VIERA, Fla. -- Jordan Zimmermann was not pleased with the amount of hits he gave up during his fourth Grapefruit League start, but he was even more upset after being hit in the left elbow by a pitch from Henderson Alvarez in the second inning of Nationals 4-2 victory over the Marlins on Saturday.
When Alvarez came to the plate in the fifth, Zimmermann brushed him back with a pitch low and inside. Alvarez laid down a sacrifice bunt later in the at-bat, and on his way back to the dugout, the two exchanged words.
"He stared me down, and I turned around and said, 'Can I help you?'" Zimmermann said. "And he didn't say anything, and I said, 'Get back to the dugout where you belong.'
"I'm a pitcher; I'm not going to do much damage, so just throw it over the middle. Just throw it over the middle, I'm not going to hurt you. It's just frustrating when he throws a sinker up and in like that."
Alvarez said after the game that he did not hit Zimmermann on purpose.
"It was a sinker that got away," Alvarez said through an interpreter. "It was two outs, the pitcher is up. It's not something I did intentionally. It's just a pitch that got away from me."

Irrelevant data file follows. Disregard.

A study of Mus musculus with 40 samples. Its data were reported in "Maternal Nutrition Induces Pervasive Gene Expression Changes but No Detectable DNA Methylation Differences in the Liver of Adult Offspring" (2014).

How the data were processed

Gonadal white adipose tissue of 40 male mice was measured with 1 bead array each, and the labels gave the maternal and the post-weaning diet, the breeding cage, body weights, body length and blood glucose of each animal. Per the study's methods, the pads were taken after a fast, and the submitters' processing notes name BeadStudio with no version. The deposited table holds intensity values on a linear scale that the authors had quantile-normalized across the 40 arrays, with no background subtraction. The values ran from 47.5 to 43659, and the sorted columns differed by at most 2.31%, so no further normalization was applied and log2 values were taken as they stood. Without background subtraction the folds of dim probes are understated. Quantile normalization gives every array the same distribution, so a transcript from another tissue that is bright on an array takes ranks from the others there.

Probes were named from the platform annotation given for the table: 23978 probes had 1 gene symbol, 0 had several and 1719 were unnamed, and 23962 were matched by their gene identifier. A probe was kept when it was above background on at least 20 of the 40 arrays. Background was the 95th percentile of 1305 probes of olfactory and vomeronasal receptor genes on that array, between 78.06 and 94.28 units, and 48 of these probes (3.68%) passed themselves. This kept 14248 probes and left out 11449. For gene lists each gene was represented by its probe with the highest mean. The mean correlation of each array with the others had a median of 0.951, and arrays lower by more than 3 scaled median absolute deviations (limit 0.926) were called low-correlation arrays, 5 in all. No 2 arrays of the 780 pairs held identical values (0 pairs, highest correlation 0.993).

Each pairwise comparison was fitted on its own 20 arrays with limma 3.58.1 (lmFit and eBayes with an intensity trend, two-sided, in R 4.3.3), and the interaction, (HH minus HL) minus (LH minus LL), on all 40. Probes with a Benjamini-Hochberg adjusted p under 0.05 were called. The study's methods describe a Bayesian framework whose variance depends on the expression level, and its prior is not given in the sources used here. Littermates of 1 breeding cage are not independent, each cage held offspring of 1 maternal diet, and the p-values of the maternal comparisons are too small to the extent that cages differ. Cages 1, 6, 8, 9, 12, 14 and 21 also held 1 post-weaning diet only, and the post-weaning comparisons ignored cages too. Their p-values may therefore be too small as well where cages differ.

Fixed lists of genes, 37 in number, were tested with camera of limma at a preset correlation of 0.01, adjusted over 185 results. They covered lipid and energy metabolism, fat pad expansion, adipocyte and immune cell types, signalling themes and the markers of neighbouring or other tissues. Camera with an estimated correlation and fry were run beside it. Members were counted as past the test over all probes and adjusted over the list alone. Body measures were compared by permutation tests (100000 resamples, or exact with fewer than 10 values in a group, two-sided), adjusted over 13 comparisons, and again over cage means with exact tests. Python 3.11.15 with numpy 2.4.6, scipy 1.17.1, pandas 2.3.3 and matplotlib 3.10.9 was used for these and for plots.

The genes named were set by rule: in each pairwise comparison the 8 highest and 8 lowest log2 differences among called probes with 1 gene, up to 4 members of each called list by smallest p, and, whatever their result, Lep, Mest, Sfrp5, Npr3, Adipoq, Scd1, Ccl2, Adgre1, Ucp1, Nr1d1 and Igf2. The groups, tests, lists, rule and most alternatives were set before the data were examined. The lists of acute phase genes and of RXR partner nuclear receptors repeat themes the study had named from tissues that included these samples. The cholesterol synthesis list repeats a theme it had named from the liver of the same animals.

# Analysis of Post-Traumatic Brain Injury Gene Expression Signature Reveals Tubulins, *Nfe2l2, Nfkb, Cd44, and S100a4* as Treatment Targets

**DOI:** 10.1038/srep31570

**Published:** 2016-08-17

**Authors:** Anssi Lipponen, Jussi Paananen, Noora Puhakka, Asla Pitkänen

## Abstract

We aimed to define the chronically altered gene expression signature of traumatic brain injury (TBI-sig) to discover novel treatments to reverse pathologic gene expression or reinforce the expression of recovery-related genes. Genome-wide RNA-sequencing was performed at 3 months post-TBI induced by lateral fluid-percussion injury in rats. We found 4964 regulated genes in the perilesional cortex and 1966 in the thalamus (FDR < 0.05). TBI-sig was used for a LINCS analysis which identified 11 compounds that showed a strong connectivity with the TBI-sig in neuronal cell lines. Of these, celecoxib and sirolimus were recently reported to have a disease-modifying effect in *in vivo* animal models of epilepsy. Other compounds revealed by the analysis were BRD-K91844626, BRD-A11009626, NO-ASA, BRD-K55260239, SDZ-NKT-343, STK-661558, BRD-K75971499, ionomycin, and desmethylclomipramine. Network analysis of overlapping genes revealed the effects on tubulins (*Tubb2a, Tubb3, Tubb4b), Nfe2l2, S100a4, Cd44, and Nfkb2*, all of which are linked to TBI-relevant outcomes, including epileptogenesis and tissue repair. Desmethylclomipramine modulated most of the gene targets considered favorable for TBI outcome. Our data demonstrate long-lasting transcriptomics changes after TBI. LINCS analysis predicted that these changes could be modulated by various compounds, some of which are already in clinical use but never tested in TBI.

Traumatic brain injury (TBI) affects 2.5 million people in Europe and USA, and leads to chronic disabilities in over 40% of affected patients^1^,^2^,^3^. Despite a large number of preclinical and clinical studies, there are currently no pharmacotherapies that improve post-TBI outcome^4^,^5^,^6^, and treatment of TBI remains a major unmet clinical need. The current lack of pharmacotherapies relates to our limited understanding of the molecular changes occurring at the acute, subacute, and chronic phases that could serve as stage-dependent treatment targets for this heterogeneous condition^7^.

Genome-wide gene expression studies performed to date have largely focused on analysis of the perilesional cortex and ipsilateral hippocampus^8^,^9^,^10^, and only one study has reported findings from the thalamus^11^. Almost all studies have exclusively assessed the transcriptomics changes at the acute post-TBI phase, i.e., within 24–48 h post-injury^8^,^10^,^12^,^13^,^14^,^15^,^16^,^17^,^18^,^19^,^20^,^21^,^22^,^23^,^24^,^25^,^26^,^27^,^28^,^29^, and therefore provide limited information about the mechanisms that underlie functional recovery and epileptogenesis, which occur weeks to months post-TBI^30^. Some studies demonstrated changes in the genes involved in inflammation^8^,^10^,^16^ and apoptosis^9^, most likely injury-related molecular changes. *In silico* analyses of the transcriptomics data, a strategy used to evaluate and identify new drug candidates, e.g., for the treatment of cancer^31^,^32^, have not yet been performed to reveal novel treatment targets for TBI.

Otherwise, Zimmermann turned in another solid outing. He gave up eight hits, but only one run with four strikeouts in five innings. Zimmermann felt like he could have stayed in after throwing 63 pitches, but the Nationals did not want to push him past five frames.
"My arm feels good, it feels strong and I'm ready to go," Zimmermann said.
Washington stopped using the designated hitter through this turn in the rotation to allow their pitchers to work on bunting, so Zimmermann was not happy that he was drilled while trying to make an out, especially by a pitcher normally with good control. Nationals manager Matt Williams said he did not feel the need to say anything to Zimmermann about the exchange.
"Boys will be boys," Williams said. "A little into Spring Training, everybody's a little testy."
Jamal Collier is a reporter for MLB.com. Follow him on Twitter at @jamalcollier. This story was not subject to the approval of Major League Baseball or its clubs.